Training the folks on the front lines of nightlife safety—bartenders
The D.C.-area nonprofit Safe Bars is part of a movement to make bars and restaurants harassment-free through bystander training.
When I was growing up, I believed that if anyone tried to rape me there would be nothing I could do to stop them. As a girl and later as a young woman in Washington, D.C., I was scared most of the time, and street harassment constantly reminded me that I was right to be afraid.
Then, in my mid-20s, I took a self-defense class, and I learned that I was wrong. There were actions I could take to stand up for myself—even to stop a rapist.
That knowledge transformed my life. I had less fear and more confidence. I was less angry and prickly, because it was now safe to be kind. I learned how to ask for what I wanted and allowed myself to say “No” when I wanted to. I found my voice.
[ Read more: This upstate New York bar is a model for nightlife safety ]
This transformation led me to become a self-defense trainer. I use an empowerment-based model that’s not just focused on physical moves but also verbal, emotional, and mental strategies for self-protection. I’ve been doing this training for more than 30 years, and my 30,000 students have shown me that I was far from alone in living in fear.
Then, about six years ago, someone told me about Bartenders Against Rape and Sexism, or BARS. It was a light bulb moment for me: bars, restaurants, and clubs are often at the intersection of alcohol and sexual violence–and alcohol is used in half of all sexual assaults–so I thought, let’s do some training there!
Bystander intervention training is an important aspect of self defense: It’s about helping to keep others safe.
That day I went home and Googled the heck out of BARS. Although I didn’t find it, I learned about similar programs that generously shared their wisdom as we decided to develop the Safe Bars training program for D.C.
Bystander intervention training is an important aspect of self defense: It’s about helping to keep others safe. This dovetails beautifully with the hospitality mindset of making customers feel safe and welcomed so that they can have a good time. We encourage hospitality workers to use those same skills to look out for one another.
I’ve been offering empowerment self-defense trainings for a few decades, so it didn’t seem like much of a reach to customize what my team and I already know about sexual violence and training for nightlife.
But because I was never a big bargoer or drinker, learning how sexual violence showed up in nightlife spaces was eye-opening for me. Still, I followed the mandate “Nothing About Us Without Us,” first used in the U.S. by disability-rights activists, and involved bar and restaurant workers at every stage—from focus groups, to curriculum development, to hiring trainers.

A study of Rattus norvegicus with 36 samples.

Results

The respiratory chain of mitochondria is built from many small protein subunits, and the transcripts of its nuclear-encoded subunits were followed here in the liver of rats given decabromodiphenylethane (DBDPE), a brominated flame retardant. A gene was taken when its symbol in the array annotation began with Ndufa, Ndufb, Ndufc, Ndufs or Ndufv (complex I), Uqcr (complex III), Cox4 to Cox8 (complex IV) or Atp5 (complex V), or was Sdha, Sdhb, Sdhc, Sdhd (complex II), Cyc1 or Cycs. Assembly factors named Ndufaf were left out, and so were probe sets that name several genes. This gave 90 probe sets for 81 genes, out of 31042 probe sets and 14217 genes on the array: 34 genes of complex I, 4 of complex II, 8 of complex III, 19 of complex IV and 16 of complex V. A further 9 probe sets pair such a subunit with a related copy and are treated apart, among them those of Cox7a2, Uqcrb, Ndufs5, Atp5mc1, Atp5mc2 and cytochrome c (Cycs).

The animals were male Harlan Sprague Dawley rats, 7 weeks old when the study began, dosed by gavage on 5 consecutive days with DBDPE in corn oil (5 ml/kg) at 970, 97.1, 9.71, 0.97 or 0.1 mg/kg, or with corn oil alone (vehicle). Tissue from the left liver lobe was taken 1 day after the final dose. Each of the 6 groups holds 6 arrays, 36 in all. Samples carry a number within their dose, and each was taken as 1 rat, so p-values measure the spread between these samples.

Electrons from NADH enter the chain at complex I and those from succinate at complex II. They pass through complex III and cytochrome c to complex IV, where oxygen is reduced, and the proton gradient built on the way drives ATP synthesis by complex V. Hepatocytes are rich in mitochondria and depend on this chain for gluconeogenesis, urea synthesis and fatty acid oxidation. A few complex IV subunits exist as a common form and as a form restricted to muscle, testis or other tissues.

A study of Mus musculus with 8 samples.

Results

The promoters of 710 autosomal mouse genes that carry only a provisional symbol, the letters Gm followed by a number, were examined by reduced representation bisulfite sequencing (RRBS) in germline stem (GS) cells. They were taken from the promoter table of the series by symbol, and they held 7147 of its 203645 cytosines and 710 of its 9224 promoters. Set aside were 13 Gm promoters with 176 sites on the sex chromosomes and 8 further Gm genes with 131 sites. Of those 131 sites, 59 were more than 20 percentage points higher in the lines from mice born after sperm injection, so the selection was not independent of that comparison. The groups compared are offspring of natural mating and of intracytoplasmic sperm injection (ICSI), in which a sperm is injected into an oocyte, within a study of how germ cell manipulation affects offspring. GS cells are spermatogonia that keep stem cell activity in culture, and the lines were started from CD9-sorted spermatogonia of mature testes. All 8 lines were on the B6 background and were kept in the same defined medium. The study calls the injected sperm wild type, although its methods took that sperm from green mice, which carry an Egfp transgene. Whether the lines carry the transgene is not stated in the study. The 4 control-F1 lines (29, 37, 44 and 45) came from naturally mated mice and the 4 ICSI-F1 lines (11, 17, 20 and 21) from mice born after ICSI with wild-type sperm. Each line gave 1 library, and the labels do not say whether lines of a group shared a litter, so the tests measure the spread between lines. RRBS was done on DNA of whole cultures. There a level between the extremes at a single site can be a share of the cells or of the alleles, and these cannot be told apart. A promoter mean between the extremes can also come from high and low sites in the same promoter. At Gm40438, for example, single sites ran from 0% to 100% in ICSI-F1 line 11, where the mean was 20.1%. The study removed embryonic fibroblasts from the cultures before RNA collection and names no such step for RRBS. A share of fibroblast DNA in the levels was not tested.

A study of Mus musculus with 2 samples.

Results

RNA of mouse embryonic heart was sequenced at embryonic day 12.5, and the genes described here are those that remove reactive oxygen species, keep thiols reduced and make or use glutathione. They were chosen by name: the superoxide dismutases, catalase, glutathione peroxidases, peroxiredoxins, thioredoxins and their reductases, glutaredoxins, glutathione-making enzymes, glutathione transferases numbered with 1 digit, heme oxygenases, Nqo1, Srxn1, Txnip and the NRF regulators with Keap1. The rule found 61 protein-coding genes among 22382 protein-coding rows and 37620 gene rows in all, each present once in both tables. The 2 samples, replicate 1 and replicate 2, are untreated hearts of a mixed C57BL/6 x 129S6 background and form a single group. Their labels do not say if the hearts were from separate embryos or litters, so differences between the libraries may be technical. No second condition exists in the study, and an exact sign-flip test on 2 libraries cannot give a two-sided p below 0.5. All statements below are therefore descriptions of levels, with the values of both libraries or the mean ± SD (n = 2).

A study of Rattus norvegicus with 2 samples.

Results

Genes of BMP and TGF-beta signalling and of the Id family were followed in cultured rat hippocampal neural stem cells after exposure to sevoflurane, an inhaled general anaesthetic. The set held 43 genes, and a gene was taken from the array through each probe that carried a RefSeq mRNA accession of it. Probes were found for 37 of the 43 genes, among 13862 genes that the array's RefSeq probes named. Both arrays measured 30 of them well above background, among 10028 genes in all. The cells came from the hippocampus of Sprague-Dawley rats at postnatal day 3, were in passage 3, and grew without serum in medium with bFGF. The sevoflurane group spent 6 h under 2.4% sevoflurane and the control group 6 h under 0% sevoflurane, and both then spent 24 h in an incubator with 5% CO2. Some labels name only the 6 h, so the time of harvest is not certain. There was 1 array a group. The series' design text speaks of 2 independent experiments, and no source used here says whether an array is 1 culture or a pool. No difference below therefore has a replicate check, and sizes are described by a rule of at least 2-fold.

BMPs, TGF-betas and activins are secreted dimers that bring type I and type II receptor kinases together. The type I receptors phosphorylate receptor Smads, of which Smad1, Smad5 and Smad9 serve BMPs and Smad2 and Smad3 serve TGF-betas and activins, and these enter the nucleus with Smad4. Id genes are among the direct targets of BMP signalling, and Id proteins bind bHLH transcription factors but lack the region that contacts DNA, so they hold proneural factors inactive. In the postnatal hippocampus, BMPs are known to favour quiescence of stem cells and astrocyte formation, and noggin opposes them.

People who work in bars, restaurants, clubs, and concert venues share with Safe Bars the awful ways they’re treated by co-workers and managers. Patrons share with us the terrible violations they experience—everything from grabbing to stalking, sexual comments to flashing—often from other patrons. Nothing I’ve heard has shocked me, but plenty of it has horrified me.
Bar staff tell us often about having their tips held hostage by patrons who want their phone number—or a date. Workers who complain about sexual harassment often get their shifts cut. Women at bars are seen as sexually available just because they’re there. And if a bar has a dance floor, everything escalates.
The good news is that the industry has enthusiastically welcomed Safe Bars. In D.C., we’ve trained staff at about 40 establishments, and we hear from workers and patrons alike of the problems prevented or solved. One bar told us about a situation they intervened in just a couple of days after the training: “We actually put the training to work this week when a male guest got too intimate with another patron. We were able to intervene and got him to leave her alone. When she wanted to leave, we helped her get home safely–and she called us later to thank us, and many of the other guests at the bar took notice as well.”
We’ve also trained Safe Bars teams in 14 other cities and towns, so that they have a local program tailored to each community’s needs. For example, in Juneau, Alaska, cruise ships drop off thousands of passengers a day–people who are looking to have a good time and who have no stake in the community. Baltimore and Philadelphia have all the varied nightlife scenes of any big city—from large nightclubs and beer halls to intimate cocktail bars. Smaller towns in Minnesota have the challenge—and benefit–of everyone knowing everyone.
More than just helping out individual people in dicey situations, Safe Bars aims to change nightlife culture to one where patrons and workers are all treated with respect. Most people want to help. We’re just making it a little more possible.